International Bunker Industry Association (IBIA) believes that it is still premature to draw any valid and meaningful conclusions on the level of black carbon emissions associated with the use of 0.50% sulphur fuels.

The comment comes in response to results of a study conducted by Finland and Germany that found that “new blends of marine fuels with 0.50% sulphur content can contain a large percentage of aromatic compounds which have a direct impact on Black Carbon emissions”.

Environmental organizations such as the Clean Arctic Alliance (CAA) were outraged by the findings, seeking immediate action from the International Maritime Organization (IMO).

CAA has also approached representatives of the marine fuel industry who prepared the Joint Industry Guidance (JIG) on the supply and use of 0.5% sulphur marine fuel only months ago, seeking answers on whether these fuel suppliers were aware that the new low sulphur heavy fuel blends had higher aromatic content and if they were aware of the link between higher aromatic content in fuels and higher BC emissions.

Responding to the letter, IBIA’s Director Unni Einemo explained that the JIG effort was focused on covering practical and operational aspects of the 0.50% sulphur limit to prepare all relevant industry stakeholders for the transition and help ensure the safety of vessels and crews. Its remit was limited to these issues.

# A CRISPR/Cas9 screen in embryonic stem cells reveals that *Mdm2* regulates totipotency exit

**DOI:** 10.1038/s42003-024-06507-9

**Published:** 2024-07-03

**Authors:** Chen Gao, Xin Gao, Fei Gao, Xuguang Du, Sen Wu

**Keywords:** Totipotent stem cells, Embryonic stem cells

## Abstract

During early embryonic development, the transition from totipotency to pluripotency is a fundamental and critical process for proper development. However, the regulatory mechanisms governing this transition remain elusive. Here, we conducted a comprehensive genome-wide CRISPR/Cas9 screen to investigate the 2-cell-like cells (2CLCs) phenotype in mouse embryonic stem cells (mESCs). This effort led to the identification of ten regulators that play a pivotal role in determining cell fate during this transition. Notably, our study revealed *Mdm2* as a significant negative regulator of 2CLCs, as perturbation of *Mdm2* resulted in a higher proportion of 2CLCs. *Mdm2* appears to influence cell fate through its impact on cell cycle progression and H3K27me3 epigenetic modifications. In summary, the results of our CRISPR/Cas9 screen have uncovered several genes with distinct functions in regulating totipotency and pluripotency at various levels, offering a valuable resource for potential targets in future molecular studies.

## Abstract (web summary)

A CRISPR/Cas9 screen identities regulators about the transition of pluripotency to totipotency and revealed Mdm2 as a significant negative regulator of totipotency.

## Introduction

“One of the main concerns addressed in the guidance related to the variability of the fuel blends that were expected to come to the market and the potential compatibility issues that may occur in the event of commingling of fuels of a different nature,” she said.

“IBIA is surprised by the study’s assertion that the 0.50% sulphur fuel oil blends are expected to have higher aromatic content than traditional high sulphur fuel oil (HSFO), especially as the expectation prior to 2020 was that many of the new marine fuel blends would be more paraffinic in nature.”

Einemo added that the transition to 0.50% sulphur fuels is still in its early days and that there is no comprehensive overview available at this stage that documents the actual variability and quality of such fuels on the market.

“Early indications from several fuel testing agencies do, however, indicate that 0.50% sulphur fuels seen so far tend to be more paraffinic and less aromatic than the HSFOs they have replaced. As such, it seems premature to draw any valid and meaningful conclusions on the level of black carbon emissions associated with the use of 0.50% sulphur fuels.”

IBIA’s director further noted that it supports a thorough, scientific debate of this issue at the IMO, which is set to discuss the reduction of the impact of black carbon emissions on the Arctic at the upcoming 7th session of the IMO’s Sub-Committee on Pollution Prevention and Response.

“The IMO has already agreed to start work to develop a ban on the use and carriage of heavy fuel oil (HFO) for combustion purposes by ships in Arctic waters, but first it needs to define what is meant by ‘HFO’. At present, there is a ban on the use and carriage of heavy grade oil (HGO) in the Antarctic under MARPOL Annex I. The IMO needs to examine whether the existing definition of HGO may be fit for developing a ban on the use and carriage of HFO in the Arctic,” she concluded.